Indian Prime Minister Narendra Modi's ruling party retained its control over a big western state on Tuesday and was left scouting for an ally to keep hold of a northern state, after the two election races turned out to be closer than forecast, reports Reuters.
Political leaders and analysts said the broad trends from Maharashtra, home to financial capital Mumbai, and the northern state of Haryana showed that while Modi remained the most popular leader, there were pockets of resistance emerging to his dominance.
The state elections were the first since he swept to power in the national polls over the summer riding a wave of nationalism focused against arch rival Pakistan and their central dispute over Kashmir.
Modi's Bharatiya Janata Party (BJP) and a regional ally sewed up a comfortable win in Maharashtra, cornering 160 of the state assembly's 288 seats, according to the Election Commission of India. That's more than the simple majority required to rule one of India's richest states.
In Haryana, the BJP had either won or was ahead in 38 seats, with the main opposition Congress party close behind at 31 seats. The state has a 90-member assembly, meaning either party will need an ally to form a government.
Jannayak Janta Party, a regional party that has emerged king-maker in the state, has not announced who it will side with.
"The keys to the Haryana assembly will be with the Jannayak Janta Party," party leader Dushyant Chautala told reporters on Thursday.
But BJP chief Amit Shah indicated he was confident of coming to power in Haryana, congratulating cadre and voters in a tweet.
"I congratulate the public for making BJP the largest party and giving it a chance to serve again," said Shah, who is also India's home minister.
Still, the results fell below expectations after pollsters had predicted Modi would romp to victory, as did the BJP, which was confident of a better showing, particularly in Haryana.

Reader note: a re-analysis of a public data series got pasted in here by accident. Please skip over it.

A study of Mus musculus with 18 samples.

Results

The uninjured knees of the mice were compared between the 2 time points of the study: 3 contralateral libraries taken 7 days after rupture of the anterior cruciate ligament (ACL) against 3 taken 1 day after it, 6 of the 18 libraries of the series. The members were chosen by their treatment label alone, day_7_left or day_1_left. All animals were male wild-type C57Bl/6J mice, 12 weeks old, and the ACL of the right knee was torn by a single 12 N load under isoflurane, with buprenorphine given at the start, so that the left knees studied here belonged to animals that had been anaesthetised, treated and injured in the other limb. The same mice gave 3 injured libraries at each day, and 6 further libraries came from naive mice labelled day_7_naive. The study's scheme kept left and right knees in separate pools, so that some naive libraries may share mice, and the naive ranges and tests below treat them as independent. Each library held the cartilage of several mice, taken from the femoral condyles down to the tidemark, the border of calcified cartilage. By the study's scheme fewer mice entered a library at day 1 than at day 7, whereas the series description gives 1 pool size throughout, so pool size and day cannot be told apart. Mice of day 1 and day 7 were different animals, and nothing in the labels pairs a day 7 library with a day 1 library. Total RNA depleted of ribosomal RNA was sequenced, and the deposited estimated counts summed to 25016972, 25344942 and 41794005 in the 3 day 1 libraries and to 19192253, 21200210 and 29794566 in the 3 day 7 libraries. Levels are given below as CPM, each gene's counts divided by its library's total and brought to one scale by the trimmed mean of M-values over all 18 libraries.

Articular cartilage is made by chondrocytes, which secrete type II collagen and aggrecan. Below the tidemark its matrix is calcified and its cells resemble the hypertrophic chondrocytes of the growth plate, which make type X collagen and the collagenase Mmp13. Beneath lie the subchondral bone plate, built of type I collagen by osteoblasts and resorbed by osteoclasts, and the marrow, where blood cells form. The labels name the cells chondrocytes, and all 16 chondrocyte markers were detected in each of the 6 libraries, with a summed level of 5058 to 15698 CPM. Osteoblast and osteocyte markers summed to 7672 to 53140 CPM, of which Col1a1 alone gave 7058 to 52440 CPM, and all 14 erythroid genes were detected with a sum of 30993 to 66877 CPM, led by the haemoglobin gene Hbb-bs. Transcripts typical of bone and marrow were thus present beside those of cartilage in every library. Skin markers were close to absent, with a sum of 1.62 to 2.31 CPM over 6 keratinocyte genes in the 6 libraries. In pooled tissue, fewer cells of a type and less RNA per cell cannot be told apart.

"We are disappointed with our performance in Haryana. We were expecting a clear majority," a party official said, declining to be named.
And in Maharashtra, BJP's weaker performance compared with the last poll has led to demands from its ally Shiv Sena that the regional party have a greater say in the formation of the state's new administration.
Sanjay Jha, spokesman of the main opposition Congress, said that voters were unhappy with the BJP's inability to resuscitate a stagnant economy, address record joblessness and cut corruption, and were not swayed by the ruling party's campaign.
"People are seeing through it," he said. "Basically, hyper-nationalism, which is based on a very false foundation, has a limited shelf-life and I think they can't repeat that story again and again."
BJP leaders campaigned on Modi's decision to strike down Muslim-majority Jammu and Kashmir's autonomy in August in order to integrate it fully into India as a sign of his toughness and willingness to take on Pakistan, which disputes the territory.
Voters applauded a tough national security position, but they also were concerned about rising unemployment, rural distress and poor roads, said Mumbai-based political analyst Pratap Asbe.
Maharashtra and Haryana are both home to manufacturing units of major automobile companies, including Maruti Suzuki , Tata Motors, Mahindra and Mahindra , that have hit a rough patch because of falling sales.
India's passenger vehicle sales slumped 23.7 per cent in September, the eleventh straight month of declines, prompting an industry body to flag more job cuts on top of some 350,000 workers the sector has already laid off this year if sales did not to pick up soon.
Overall, India's economy grew between April and June at its weakest pace since 2013, as consumer demand and government spending slowed amid global trade frictions.
Gilles Verniers, assistant professor of political science at Ashoka University, said that early trends showed that the BJP's strategy of taking the focus away from the economy by talking about national security was not going to work indefinitely.
"Sooner or later, they (BJP) will have to face the reality that the economy is going down and the hardship it produces is going to produce adverse results for them in elections," Verniers said.